MISSOULA – The Missoula Rural Fire District covers 100 square miles, including expanding subdivisions, homes reaching into the surrounding drainages — and even miles up canyons like Lolo Creek.
MRFD leaders are confident a new mill levy proposal going before voters will help them cope with the growth and provide the kinds of fire and medical service residents are looking for. One issue the firefighters deals with is when ambulances from the Missoula area have to navigate increasingly busy traffic.
“Geographically speaking the potential for delayed response from the ambulance coming out to the areas — like Bonner, Lolo and up a lot of the drainages like Grant Creek, Pattee Canyon, the Rattlesnake, Highway 12, the Highway 200 Corridor — a lot of those areas you’re going to have a delayed response,” MRFD Fire Cheif Chris Newman noted. “Nothing else the ambulance can do about that. But that’s why our stations are located where they are.”
“If we can get to a patient quickly, and provide those advanced medical skills before the ambulance gets there, it’s just going to start that continuum of care for the patient getting into the ambulance and ending up in the hospital,” MRFD firefighter and EMT Robb Hollenbeck noted.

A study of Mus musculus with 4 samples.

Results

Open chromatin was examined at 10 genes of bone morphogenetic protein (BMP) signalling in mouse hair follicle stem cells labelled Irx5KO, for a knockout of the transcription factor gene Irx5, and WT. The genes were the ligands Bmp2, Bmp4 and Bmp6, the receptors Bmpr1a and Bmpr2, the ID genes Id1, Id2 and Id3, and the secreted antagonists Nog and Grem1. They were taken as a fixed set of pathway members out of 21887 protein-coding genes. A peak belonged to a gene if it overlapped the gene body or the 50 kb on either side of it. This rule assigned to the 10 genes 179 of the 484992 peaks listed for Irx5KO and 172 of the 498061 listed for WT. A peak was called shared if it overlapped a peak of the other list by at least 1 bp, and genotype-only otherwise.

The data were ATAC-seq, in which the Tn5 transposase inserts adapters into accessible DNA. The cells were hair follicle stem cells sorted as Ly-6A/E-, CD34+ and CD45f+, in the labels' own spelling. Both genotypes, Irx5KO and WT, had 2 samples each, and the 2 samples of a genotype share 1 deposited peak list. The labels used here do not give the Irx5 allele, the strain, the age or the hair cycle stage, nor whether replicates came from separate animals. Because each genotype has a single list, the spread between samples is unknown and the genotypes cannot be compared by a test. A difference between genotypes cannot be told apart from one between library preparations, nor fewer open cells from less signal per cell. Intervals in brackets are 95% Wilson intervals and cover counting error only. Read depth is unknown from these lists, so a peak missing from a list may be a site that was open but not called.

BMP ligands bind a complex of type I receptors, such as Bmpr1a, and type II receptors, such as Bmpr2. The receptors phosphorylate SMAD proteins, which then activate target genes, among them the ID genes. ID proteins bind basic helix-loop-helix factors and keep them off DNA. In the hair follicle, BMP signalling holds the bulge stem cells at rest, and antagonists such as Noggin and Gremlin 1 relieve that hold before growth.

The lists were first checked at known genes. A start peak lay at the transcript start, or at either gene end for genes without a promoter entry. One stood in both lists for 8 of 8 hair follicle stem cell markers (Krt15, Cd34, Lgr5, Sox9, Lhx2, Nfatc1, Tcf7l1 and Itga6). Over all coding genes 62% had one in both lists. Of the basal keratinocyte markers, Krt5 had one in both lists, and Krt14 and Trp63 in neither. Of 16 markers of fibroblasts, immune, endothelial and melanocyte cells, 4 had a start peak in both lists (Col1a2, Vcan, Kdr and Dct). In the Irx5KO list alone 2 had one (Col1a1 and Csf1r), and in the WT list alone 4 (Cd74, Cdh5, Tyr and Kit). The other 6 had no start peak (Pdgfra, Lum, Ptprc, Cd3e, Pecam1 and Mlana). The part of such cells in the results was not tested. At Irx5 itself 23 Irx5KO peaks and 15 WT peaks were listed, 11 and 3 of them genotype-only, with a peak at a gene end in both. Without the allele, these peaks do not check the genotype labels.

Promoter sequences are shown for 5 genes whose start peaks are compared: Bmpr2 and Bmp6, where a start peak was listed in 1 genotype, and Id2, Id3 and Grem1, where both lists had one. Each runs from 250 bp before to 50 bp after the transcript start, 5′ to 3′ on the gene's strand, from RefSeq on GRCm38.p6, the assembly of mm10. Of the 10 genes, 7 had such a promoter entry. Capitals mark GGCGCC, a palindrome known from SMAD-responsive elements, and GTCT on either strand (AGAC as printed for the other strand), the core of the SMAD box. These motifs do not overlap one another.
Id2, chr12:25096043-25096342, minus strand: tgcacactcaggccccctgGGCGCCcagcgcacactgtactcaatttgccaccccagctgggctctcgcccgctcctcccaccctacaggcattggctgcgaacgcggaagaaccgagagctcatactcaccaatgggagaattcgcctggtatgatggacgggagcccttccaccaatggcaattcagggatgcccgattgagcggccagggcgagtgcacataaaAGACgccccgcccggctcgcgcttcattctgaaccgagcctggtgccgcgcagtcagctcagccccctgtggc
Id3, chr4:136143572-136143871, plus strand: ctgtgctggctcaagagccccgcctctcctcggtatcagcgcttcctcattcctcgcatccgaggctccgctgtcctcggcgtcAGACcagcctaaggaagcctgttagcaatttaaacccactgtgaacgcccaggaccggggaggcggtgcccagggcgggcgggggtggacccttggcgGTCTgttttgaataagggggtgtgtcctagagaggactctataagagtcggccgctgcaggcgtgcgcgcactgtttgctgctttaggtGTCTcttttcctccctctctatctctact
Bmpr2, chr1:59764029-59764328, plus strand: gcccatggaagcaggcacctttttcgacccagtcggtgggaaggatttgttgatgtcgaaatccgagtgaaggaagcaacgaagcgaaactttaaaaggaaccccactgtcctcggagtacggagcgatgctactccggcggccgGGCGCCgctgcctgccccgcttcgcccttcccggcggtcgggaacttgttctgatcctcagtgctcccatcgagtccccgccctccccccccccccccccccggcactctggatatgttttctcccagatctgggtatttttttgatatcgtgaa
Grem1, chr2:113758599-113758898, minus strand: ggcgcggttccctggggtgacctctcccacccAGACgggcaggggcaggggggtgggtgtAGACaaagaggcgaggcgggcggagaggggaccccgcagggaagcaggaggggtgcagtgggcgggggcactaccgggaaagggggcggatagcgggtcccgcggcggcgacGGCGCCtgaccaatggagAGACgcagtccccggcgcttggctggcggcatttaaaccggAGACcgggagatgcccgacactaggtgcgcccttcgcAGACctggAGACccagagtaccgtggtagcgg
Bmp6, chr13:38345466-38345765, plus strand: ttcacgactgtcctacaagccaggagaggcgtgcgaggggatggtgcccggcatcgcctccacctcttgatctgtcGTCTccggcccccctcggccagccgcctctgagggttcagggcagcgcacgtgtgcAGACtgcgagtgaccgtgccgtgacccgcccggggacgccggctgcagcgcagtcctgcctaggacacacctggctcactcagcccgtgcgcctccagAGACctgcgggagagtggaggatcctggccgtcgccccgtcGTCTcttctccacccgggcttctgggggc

While the focus of the mill levy proposal on the May 7 ballot is to staff up all five MRFD stations to 24/7 coverage — especially for that advanced life support — the District is also seeing more pressure from wildland fires in recent years.
Driven by hot, dry summers, the Missoula Rural Fire District is seeing more calls as the first responders for everything from grass fires to larger fires in a support role. That’s also increasing the need for fully-staffed, fully trained stations.
“The increase in personnel will definitely allow us — not only from the medical side of things but also from the fireside, whether it be wildland fires or structure fires,” Newman said.
“The more folks that we can get on scene in the initial minutes of that emergency, the higher success rate we’re going to have, whether it be for extinguishing the fire and also from the rescue standpoint of rescuing occupants that may be trapped,” he added.
“The more well-trained hands that we have the better off we are to treat that patient and provide the best care that we possibly can,” Hollenbeck told MTN News.
The ballots for the Missoula Rural Fire District levy were mailed late last week and are due back to the county by May 7. If approved, it would cost just under $40 per year for a $100,000 home or just under $80 per year on a home valued at $200,000.
Click here to learn more about the mill levy request.